The most bountiful festival of the year!
by Rebecca Bell
What is Mabon? Commonly thought of as the harvest festival, or the mid-autumn festival in China, Mabon is the celebration of the Autumn Equinox — a time to celebrate the moment between the height of summer and darkest winter. Even as the centuries march on, there is still something special about the ending of summer, as we enjoy the fruits of our labour and celebrate the last warm evenings.
The date of Mabon, like many astrological events, likes to thwart our attempts at pinning it down to our Gregorian calendar, thus it varies from year to year. Mabon comes between Lughnasaand and Samhain, and is the first autumn festival on the Wiccan/Neo-Pagan Wheel of The Year calendar. As it occurs on the autumnal equinox, Mabon brings day and night into a perfect equilibrium— it’s the day when the hours of sunlight perfectly match those of moonlight, before the days get shorter and we retreat into winter.
At this time the Goddess is radiant in her elder form as the Harvest Queen, and the God dies and returns to the underworld. However, he will return once more in the spring, renewed from his slumber. But now it is time to celebrate the gifts of the year: the abundance of fruit and vegetables. We thank the sun for its brightness and life-giving properties, welcome the moon, and prepare once more for a winter of reflection and peace, taking life at a slower pace until the spring comes again.
Gods, Spirits, and Symbols
Modron, in Welsh tradition, is the mother and spirit of life on earth. She is often depicted with her son, who on the equinox night he is stolen from her — and in Modron’s grief and sadness the world withers into cold winter. Modron is said to be known as Matrona to the Gaulish and Celtic peoples and may have been the prototype for Morgan Le Fay in Arthurian legend.
Demeter is another goddess traditionally associated with this time of year. As the Greek goddess of harvest, Demeter was celebrated in late autumn by the people of Athens to give thanks for the fertility of the land.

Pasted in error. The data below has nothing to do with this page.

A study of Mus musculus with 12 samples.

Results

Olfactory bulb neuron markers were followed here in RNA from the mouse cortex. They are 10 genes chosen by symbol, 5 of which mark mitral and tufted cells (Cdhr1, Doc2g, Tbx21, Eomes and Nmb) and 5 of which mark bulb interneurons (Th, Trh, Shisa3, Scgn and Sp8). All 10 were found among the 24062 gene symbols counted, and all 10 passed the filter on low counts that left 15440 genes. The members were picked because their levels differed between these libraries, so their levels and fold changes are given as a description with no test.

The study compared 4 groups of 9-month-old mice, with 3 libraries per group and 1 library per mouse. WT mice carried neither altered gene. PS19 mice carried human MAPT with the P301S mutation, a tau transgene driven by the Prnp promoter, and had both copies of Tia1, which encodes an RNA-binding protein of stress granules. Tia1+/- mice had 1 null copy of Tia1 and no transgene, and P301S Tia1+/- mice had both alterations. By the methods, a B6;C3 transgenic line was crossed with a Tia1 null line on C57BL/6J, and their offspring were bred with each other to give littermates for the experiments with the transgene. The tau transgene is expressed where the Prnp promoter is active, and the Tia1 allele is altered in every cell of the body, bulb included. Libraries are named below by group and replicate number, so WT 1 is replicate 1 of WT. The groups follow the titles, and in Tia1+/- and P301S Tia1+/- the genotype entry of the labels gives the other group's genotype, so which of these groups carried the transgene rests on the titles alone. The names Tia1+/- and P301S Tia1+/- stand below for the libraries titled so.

The cornucopia, or horn of plenty, is a common symbol of Mabon. It displays the abundant harvest, and represents both male and female fertility, thanks to its horn shape combined with its hollow and receptive nature.
The apple represents the fruit harvest, and is an important symbol of life, healing, regeneration, and wholeness. It is associated with beauty and a long life, and when cut in half reveals a pentagram symbolising the elements. You can read more about the significance of the humble apple in Fez Inkwright’s Folk Magic and Healing.
In China, the autumnal equinox is celebrated as the Mid-Autumn Festival, also known as the Moon Festival or Mooncake Festival. It is the second most important holiday after the Chinese New Year and came to be over 3000 years ago when the emperor worshiped the moon for a bountiful harvest. The timing of this festival aligns with a full moon between mid-September and early October, as it is said this moon is the brightest and fullest at this time, reflecting the bountiful full harvest. Celebrations of this festival include these three fundamental ideals:
- Gathering – harvesting and gathering food for the festival, bringing family together, and celebrating the full moon that represents family reunion.
- Thanksgiving – being thankful for the harvest and harmonious unions.
- Praying – asking for future bounties, such as a baby, a partner, longevity, and good fortune.
During this celebration mooncakes are eaten. A mooncake is a sweet pastry filled with various flavours and adorned with intricate patterns. They are commonly round to symbolise completeness and are cut and shared amongst families to symbolise the reunion. There’s lots to learn about mooncakes, so it’s well worth popping into your local Chinese bakery to try these delights yourself, and share with friends and family.
It is also traditional to hang lanterns to decorate and light the path to good fortune. The Mid-Autumn Festival is a choice occasion to celebrate marriages, and much like Celtic traditions around Ostara, dances are held with the intention that young men and women will find a partner.
While many modern customs have sprung up over the centuries, the ancient foundation for the Mid-Autumn Festival is moon worship, as rejuvenation was associated with the moon and water. There is an old Chinese fable that the sun and moon are a couple, and the stars are their children. When the moon is full and round it is said to be pregnant, but when it gives birth it becomes a crescent. However, the moon is only traditionally worshiped by women.
Rituals and Traditions of Mabon
If you take in mind the symbolism of this festival, you may wish to create a gorgeous cornucopia to adorn your altar, or perhaps bring in a few apples to decorate (and also eat) as a way to give thanks to the harvest. Candles and warm coppery tones mixed with rich green are the colours to chose for this time of year, it feels like The Seed and Sickle Oracle – Special Edition is the perfect answer to the autumn pallete.
Make time to enjoy food and celebrate the fruits and vegetables of the harvest by cooking a feast for friends and family. You could even rejuvenate your relationships by reuniting under the full moon that symbolises the wholeness of your union!
It may seem like yet another party and the giving of thanks, but weach turn of the Wheel brings both inner and outer insights. The autumn equinox reminds us of the changing of seasons and the impermanence of life — and thus the importance to celebrate each moment. So, celebrate and be merry, until we meet again at Samhain!